Marketing is hard—until you embrace one thing.

Avoiding discomfort used to be my go-to move in life and business. It was an unconscious decision, and it made everything harder than it had to be.

I was super busy learning, surfing, scrolling, liking, lurking, analyzing, and doing a wide assortment of business-y things. But I never got the results I wanted—until I moved out of my comfort zone.

A friend asked me to speak at a digital marketing conference. Anxiety pumped through my body, and I found myself gasping out some words in response. I don’t remember what I said BECAUSE MY BRAIN AND BODY WERE ON FIRE. 🥵

The thought of public speaking, or even asking a question in a group setting, restricted my breathing and made my heart race. My face would flush, and I spoke in squeaks like some weird morse code.

Public speaking was a boundary I needed to push. And after a few miserable days with my pros and cons list, I accepted the invitation.

I planned my presentation and practiced it a kajillion times. But even then, I was in fight or flight mode every time I thought about giving it at the conference. I didn’t sleep, couldn’t breathe, and my inner critic was having the time of her life. And this went on for several months. 

The day of the event, half an hour before my session, I was in the bathroom with my head between my knees trying to calm down. I even considered leaving. (How bad would that be? I mean, they wouldn’t be mad at me forever, right?)

But I didn’t.

I gave my presentation. And I sounded like a regular human—not some wheezy cartoon character. But the strangest thing was realizing that I wanted to do it again. Only better.

Today, I teach continuing education classes for Realtors and embrace discomfort on the regular in my marketing. And it is transforming my business and life.

In this post, I want to explore the space between where you are now and where you want to be.

Let's dive in, shall we?

What discomfort is and what it isn't

Changing your life requires changing things in your life. If you've ever lost weight, ran a marathon, or executed a handstand in your yoga practice, you've experienced discomfort. Because change isn't comfortable. Or quick.

I'm not talking about pain. Discomfort is merely an unpleasant experience. Here's how it shakes out using the examples above:

  • Weight loss is unpleasant because you must change your health habits. You may have to trade your happy hour go-to with a healthier alternative—like walking with your friends.
  • Running a marathon is unpleasant for the very same reason. You have to incorporate running into your routine and stick with it.
  • Executing a handstand requires a lot of practice—and failure. But it's only through failure that you'll be able to achieve the pose.

I'm also not talking about beating yourself up. Embracing discomfort is more about accepting where you are and acknowledging your capacity to create change by practicing something new.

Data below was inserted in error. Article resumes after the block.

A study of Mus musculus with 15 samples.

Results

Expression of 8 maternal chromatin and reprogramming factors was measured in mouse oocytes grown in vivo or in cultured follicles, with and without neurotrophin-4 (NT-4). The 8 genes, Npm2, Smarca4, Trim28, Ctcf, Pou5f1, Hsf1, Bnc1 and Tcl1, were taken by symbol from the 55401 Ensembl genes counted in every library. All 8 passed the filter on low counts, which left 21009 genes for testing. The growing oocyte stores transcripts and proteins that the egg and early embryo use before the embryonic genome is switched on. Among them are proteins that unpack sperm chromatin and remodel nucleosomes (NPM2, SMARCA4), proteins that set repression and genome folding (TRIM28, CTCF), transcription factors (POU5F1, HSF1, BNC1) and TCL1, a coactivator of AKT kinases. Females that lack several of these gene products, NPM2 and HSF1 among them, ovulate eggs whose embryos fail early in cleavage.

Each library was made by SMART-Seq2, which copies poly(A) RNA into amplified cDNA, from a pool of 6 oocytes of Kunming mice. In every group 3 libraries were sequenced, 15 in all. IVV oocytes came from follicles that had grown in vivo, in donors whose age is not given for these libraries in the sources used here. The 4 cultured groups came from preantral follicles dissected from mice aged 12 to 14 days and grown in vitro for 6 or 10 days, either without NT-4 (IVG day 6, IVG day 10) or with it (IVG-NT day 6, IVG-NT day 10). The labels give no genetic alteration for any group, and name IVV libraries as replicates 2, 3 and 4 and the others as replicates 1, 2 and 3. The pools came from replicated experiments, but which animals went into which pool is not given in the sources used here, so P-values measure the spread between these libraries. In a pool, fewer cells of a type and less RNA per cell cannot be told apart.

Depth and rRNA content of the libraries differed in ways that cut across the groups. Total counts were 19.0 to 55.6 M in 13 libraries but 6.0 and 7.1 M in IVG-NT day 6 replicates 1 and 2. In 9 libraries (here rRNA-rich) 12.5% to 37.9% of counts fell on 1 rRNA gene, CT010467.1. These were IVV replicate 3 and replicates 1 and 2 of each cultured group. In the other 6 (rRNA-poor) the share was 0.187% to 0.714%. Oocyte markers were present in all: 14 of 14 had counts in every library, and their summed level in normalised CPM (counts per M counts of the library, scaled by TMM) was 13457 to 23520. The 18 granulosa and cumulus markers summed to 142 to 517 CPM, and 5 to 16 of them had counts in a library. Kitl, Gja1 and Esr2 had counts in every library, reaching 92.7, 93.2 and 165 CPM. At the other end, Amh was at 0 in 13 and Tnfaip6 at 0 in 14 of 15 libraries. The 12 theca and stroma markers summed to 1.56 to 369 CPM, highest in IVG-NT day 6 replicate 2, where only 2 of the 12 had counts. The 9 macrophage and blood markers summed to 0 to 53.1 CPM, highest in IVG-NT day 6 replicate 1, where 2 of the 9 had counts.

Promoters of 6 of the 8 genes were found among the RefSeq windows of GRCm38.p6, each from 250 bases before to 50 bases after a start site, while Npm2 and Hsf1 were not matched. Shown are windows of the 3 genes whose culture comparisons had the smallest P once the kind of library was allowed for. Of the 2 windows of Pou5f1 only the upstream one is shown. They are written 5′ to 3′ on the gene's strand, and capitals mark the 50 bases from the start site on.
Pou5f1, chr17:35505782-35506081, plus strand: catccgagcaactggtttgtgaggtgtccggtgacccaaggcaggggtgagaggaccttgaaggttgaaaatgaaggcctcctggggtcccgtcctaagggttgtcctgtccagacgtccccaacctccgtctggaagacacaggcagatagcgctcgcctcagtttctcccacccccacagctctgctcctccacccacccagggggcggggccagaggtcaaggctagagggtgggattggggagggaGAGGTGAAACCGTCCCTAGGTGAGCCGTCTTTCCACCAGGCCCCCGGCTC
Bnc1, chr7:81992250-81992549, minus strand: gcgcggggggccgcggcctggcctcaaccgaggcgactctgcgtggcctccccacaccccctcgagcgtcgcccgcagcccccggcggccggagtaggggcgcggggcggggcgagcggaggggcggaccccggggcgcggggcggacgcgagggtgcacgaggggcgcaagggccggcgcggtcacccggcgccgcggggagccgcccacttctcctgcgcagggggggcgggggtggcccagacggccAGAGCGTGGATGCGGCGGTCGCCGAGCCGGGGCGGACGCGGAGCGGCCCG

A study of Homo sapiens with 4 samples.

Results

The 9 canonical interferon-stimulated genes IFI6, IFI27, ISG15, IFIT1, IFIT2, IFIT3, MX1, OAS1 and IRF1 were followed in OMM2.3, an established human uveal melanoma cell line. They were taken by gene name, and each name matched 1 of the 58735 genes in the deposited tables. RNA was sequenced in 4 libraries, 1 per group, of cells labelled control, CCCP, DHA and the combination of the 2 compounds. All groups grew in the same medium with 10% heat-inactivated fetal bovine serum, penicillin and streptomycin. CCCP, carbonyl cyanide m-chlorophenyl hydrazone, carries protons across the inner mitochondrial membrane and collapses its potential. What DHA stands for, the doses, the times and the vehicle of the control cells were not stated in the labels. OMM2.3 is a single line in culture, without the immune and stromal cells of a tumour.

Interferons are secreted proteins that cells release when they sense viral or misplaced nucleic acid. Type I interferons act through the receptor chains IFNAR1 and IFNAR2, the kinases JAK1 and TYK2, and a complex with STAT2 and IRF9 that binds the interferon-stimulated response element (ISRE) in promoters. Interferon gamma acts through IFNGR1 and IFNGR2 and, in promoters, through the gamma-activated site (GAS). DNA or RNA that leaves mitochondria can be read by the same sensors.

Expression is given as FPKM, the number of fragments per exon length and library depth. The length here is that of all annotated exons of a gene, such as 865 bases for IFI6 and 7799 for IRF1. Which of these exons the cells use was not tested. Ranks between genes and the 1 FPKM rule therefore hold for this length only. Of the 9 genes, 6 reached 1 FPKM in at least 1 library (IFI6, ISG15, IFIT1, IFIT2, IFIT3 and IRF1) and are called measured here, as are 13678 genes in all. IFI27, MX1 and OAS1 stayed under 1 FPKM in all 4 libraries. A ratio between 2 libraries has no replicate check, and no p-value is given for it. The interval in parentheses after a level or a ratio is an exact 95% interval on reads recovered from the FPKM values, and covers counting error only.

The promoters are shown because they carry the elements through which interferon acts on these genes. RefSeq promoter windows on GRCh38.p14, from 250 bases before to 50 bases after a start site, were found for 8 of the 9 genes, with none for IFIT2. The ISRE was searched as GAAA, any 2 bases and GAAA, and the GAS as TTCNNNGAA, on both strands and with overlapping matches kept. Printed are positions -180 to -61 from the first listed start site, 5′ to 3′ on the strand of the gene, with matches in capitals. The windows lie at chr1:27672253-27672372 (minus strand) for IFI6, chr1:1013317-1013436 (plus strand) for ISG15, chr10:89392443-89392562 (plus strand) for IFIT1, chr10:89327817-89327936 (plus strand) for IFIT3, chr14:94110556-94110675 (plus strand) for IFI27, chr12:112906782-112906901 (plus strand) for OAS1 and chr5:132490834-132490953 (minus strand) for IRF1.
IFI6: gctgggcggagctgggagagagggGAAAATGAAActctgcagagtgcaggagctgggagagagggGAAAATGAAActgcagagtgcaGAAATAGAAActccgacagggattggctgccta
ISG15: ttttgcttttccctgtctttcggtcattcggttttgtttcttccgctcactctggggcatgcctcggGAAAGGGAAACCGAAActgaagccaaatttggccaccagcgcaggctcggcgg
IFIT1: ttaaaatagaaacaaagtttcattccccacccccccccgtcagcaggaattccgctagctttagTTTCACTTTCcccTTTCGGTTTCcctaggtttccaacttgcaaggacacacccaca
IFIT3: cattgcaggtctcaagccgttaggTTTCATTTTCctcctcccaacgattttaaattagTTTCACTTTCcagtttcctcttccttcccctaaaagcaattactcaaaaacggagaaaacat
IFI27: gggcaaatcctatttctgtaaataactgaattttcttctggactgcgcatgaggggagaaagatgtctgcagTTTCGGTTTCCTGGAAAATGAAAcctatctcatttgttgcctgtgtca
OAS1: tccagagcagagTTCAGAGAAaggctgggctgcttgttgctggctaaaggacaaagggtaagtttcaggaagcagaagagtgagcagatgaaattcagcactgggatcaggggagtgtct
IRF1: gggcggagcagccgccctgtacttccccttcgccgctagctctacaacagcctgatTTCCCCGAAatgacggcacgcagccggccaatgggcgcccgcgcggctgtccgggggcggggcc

Brooke Castillo offers a fantastic podcast episode on two types of discomfort: discomfort that serves you and discomfort that does not serve you. It's worth a listen if you struggle with managing your thoughts and emotions. I do, and her podcast has helped me tremendously. 

And finally, discomfort is not about doing more. It's about doing the right things that will make a difference. Those things are usually fewer in number, but you do them consistently. 

I don't know about you, but consistency makes me uncomfortable. Regularly hitting the gym, writing blog posts, and following up with leads gets a little boring. It's also a bit scary because there's no guarantee of success. 

Avoiding discomfort now amplifies discomfort later

Avoiding discomfort is all about swapping long-term gains for short-term payoffs. But here's the thing: avoiding discomfort now only increases discomfort later.

Here are two examples from my own life where I avoided short-term discomfort only to magnify it long-term. 

I avoided the truth about a long-term relationship (it wasn't healthy and needed to end), and I swapped my workouts with happy hours 🥃🍕to make the situation tolerable. In my effort to avoid discomfort, I gained 20 pounds. And that only made me more uncomfortable when the relationship ended. 

There was also a time when I decided to stop marketing my business 😲😲😲because I didn't feel comfortable putting myself out there. I was afraid of criticism and rejection and opted to stay busy but do nothing that actually moved my business forward. I avoided discomfort in the short-term, but the long-term effects were even worse. My pipeline dried up, and my income took a massive hit.

What are you avoiding because it's uncomfortable? 

Embracing discomfort now increases comfort later

Embracing discomfort is all about replacing instant gratification with long-term satisfaction.

One of my 2019 goals is writing a blog post every week. So friggin uncomfortable! I experience equal amounts of fear (what if this doesn't resonate?) and boredom (it's time to do this again, already? ugh). But I also see that my traffic is growing and people are reading my posts (average time on page is 4.5 minutes)—and that's incredibly satisfying.  

By writing consistently, I've learned a few things about discomfort:

  • It forces you to learn and improve 
  • It requires you to grow
  • It helps you accomplish more

What must you do to move from where you are now to where you want to be? (Hint: it's probably something unpleasant.)

Now what?!

If your business isn't where you want it to be, I challenge you to examine the space between where you are now and where you want to be. 

I'd love to know your thoughts. Send me an email or join my private Facebook group and share your story.